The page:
Most runners tend to focus on miles and paces. Improvements in fitness, however, occur during the recovery period between training sessions, not during the training itself. Physiological adaptations to training occur with a correctly timed alternation between stress and recovery.
When you finish a long run or a race, you are weaker, not stronger. How much weaker depends on the severity of the training stress. If the stress is too great and you don't recover before your next workout or race, your performance and ability to adapt to subsequent training sessions declines. Therefore, what you do the rest of the day when you are not training is just as important as the effort you endured.
Glycogen resynthesis is most rapid if you consume carbohydrates within the first 30 to 60 minutes after your run. Delaying carbohydrate ingestion for two hours after a workout significantly reduces the rate of glycogen resynthesis within the first few hours.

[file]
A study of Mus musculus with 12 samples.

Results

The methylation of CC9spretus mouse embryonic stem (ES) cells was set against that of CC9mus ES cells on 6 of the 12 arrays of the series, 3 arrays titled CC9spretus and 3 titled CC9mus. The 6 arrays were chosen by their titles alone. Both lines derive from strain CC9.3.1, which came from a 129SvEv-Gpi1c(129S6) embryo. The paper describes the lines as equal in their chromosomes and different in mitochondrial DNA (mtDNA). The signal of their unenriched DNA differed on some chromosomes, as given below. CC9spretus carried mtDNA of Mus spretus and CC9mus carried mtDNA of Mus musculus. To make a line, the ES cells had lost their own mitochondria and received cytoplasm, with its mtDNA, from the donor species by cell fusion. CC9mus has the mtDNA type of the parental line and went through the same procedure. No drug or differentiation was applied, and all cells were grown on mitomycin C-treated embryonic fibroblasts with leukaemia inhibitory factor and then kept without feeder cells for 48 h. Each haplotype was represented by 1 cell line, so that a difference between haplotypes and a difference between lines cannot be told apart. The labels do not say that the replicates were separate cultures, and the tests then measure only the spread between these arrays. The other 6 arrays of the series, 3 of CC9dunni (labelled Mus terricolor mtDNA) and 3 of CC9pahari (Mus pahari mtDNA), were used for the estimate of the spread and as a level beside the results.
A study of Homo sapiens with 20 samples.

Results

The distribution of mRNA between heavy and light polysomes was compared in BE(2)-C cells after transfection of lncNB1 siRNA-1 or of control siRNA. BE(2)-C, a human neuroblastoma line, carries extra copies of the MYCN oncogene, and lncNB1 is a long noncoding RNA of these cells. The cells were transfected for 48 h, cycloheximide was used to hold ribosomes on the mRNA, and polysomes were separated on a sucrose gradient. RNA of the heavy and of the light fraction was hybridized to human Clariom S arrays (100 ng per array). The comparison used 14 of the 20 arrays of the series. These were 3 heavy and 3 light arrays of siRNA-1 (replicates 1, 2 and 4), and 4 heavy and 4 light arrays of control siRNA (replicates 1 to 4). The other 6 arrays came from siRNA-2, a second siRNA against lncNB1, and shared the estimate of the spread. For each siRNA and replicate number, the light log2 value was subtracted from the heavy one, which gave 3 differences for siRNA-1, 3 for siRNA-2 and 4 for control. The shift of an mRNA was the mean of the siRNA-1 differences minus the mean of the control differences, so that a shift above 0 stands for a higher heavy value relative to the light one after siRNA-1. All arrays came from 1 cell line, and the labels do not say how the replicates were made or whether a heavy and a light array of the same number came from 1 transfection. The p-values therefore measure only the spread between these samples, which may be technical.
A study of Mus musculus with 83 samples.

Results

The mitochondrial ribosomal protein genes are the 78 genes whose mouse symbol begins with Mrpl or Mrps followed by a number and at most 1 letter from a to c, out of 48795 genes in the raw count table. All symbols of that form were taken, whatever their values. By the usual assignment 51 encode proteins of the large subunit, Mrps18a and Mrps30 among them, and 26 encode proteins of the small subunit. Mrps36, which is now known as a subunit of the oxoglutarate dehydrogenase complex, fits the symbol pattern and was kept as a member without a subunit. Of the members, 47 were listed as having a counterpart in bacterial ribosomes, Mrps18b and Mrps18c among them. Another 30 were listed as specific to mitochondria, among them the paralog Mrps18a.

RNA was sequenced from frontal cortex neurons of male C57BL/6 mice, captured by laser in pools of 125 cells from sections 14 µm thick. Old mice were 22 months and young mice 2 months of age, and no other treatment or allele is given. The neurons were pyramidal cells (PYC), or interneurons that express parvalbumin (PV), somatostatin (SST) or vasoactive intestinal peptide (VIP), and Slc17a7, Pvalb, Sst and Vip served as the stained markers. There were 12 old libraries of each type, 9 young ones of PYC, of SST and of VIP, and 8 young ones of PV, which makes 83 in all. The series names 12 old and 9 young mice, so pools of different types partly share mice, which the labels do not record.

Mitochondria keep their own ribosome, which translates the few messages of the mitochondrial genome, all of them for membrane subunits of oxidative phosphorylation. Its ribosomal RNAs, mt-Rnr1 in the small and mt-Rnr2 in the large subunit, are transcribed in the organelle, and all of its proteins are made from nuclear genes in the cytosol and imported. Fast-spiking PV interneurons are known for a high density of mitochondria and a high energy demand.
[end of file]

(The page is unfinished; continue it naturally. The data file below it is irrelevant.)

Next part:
To maximize the synthesis and storage of glycogen, consume 1.5 grams of simple carbohydrates (sugar, preferably glucose) per kilogram of body weight every two hours for a few hours after your workout or, if you can eat or drink more often, consume 0.4 to 0.6 grams every 15 to 30 minutes.
Some studies have found that eating protein and carbohydrates together maximizes recovery, although the total amount of calories consumed seems to be more important than the carbohydrate-protein mix. Since consuming protein helps rebuild skeletal muscle fibers that have been damaged during training, protein has its own merit for optimal recovery.
Initially, consume carbohydrates from fluids. For most commercial sports drinks, such as Gatorade, the above recommendations correspond to about five 8-ounce glasses every hour for a 154-pound runner. Admittedly, this is a lot to drink. To meet your recovery needs, "carbohydrate replacement" drinks are a better option than "fluid replacement" drinks like Gatorade. Chocolate milk, with its high carbohydrate and protein contents, is an effective post-run recovery drink.